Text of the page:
The Vikings Bent Swords When They Buried the Dead
When the archaeologists started to unearth any Viking burial site, something interesting is about to come up. Although swords were considered to be one of the most powerful and desired weapons to any Viking warriors, they were sometimes bent and buried with the deceased.
Honestly speaking, the practice of sword bending did not come from the Viking Age. It actually predated Viking Age. According to the scholars, one of the first bent swords ever found dated back to circa 826-600 BC. Burials in places of Anglo Saxon and across Europe also contained bent swords. They were probably heated and bent double or twisted beyond repair. In some burials, mail was also scattered and dispensed around the grave.
Regarding the Viking community, they did sometimes bent their swords when they buried the dead. But the reasons behind this practice remained a mystery. The Vikings could have learned this practice when they came to new lands around Europe but the reasons for this practice might be different from others. Because in the Viking Age, swords were considered a symbol of power, wealth, and high social status.
King Ragnar with Viking Sword (Cre: "Vikings" TV Series)
Swords, to the Vikings, could cost a lifetime fortune. Unlike spears or axes (which could be owned by anyone in the community), swords could only belong to the high-rank warriors or the noble family. To be buried with a sword meant to have lived a life full of honor and achievements. While the archaeological evidence showed that the Vikings often left the swords intact in burials, a few were bent.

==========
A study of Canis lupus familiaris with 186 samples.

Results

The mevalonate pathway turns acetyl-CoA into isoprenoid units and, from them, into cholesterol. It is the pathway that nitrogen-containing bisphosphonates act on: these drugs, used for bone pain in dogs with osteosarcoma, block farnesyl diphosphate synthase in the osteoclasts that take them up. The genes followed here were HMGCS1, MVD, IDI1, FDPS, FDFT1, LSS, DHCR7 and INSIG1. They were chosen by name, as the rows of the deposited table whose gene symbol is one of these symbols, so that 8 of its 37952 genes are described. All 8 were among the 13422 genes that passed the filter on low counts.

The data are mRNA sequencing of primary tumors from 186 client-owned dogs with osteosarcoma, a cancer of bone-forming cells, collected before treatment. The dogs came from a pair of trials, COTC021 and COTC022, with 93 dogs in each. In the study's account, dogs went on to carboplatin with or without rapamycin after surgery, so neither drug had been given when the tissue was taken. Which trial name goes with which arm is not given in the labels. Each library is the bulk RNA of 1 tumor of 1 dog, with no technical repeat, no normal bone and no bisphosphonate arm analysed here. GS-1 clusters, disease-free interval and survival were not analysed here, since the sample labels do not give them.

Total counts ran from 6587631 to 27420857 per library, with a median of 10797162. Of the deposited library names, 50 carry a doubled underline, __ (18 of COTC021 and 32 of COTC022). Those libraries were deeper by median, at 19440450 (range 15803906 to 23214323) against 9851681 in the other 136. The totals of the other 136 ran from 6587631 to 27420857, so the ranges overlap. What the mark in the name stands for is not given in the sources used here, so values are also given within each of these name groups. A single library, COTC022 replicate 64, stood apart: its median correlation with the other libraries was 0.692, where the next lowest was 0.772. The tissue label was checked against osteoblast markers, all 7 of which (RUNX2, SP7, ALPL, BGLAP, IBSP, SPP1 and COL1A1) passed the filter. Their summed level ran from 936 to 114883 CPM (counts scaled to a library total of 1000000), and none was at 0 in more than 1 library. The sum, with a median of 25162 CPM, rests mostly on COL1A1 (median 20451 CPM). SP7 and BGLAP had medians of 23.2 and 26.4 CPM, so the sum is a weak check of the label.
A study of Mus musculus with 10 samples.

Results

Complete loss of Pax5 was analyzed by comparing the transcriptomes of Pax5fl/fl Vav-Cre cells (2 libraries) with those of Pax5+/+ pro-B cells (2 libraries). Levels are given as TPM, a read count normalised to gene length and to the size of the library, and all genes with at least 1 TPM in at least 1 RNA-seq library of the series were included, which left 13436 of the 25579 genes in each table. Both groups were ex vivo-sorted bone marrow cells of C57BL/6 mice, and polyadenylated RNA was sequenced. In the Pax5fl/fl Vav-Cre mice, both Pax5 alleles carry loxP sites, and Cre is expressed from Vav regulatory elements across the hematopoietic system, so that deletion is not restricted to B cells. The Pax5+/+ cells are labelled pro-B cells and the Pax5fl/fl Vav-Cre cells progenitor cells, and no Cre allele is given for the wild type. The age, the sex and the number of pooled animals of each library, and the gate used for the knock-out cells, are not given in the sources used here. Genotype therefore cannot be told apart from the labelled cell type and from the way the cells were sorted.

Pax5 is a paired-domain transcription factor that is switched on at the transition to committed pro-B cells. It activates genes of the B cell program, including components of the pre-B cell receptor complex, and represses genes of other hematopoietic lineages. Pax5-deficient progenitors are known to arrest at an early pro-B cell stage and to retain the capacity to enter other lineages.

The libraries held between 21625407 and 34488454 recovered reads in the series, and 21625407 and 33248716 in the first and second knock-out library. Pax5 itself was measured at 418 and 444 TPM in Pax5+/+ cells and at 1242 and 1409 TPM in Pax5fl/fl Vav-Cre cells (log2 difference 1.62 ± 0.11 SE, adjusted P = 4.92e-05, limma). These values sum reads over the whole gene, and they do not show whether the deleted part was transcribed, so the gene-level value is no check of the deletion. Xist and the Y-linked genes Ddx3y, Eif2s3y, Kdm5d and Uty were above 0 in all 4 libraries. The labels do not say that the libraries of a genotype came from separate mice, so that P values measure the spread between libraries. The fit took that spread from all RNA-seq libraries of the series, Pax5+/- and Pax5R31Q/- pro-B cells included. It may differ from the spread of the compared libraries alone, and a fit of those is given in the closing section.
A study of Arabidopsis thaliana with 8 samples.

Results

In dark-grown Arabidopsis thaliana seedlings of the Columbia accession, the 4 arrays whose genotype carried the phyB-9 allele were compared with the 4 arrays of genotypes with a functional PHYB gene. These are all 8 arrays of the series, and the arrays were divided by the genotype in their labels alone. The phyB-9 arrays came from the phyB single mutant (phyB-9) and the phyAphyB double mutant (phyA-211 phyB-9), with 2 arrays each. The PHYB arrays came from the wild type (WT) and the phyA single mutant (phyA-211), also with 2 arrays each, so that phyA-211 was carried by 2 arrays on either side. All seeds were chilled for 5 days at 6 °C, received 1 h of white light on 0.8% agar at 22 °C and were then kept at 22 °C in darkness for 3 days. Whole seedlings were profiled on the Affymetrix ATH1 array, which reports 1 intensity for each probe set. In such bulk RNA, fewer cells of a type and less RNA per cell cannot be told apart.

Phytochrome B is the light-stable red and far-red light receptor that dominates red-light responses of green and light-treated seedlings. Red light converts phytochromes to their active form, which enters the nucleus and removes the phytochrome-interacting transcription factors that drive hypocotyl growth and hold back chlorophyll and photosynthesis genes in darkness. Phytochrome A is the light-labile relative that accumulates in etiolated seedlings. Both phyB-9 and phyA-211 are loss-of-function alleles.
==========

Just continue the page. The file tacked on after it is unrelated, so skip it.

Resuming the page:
The reasons why some swords were bent could be like this:
The Vikings wanted to prevent the grave robbers to possess a perfect sword. If the intact swords fell into the hands of the enemies, something tragic could happen. Or if these swords fell in the hands of the greedy ones, they could sell the swords.
Viking sword heated and bent. Artifact in Swedish Museum
Another reason was that because the Vikings believed the burial goods came to the afterlife of the deceased, they prevented the deceased from using the sword in the afterlife. In this case, the deceased ones were likely to be the enemies of the Vikings who made the burial grave. This was a way to make sure the enemies were unable to fight in the afterlife.
Some people claimed that the Vikings considered the sword as something soulful, just like the way the Vikings viewed their ships as friends. So a sword had been a friend with the deceased ones for a lifetime, it was about time for the retirement. Accordingly, the practice of bending the sword was a way to salute to the old friends (the deceased and the sword also).
Another artifact of Viking bent sword found
Later, some archaeologists stated that the practice of throwing the weapons into lakes and rivers was a way to keep the swords away from the hands of grave robbers but could still make offerings to the deceased. Maybe that's why the archaeologists found out a lot of artifacts at the bed of Tissø lake in Denmark.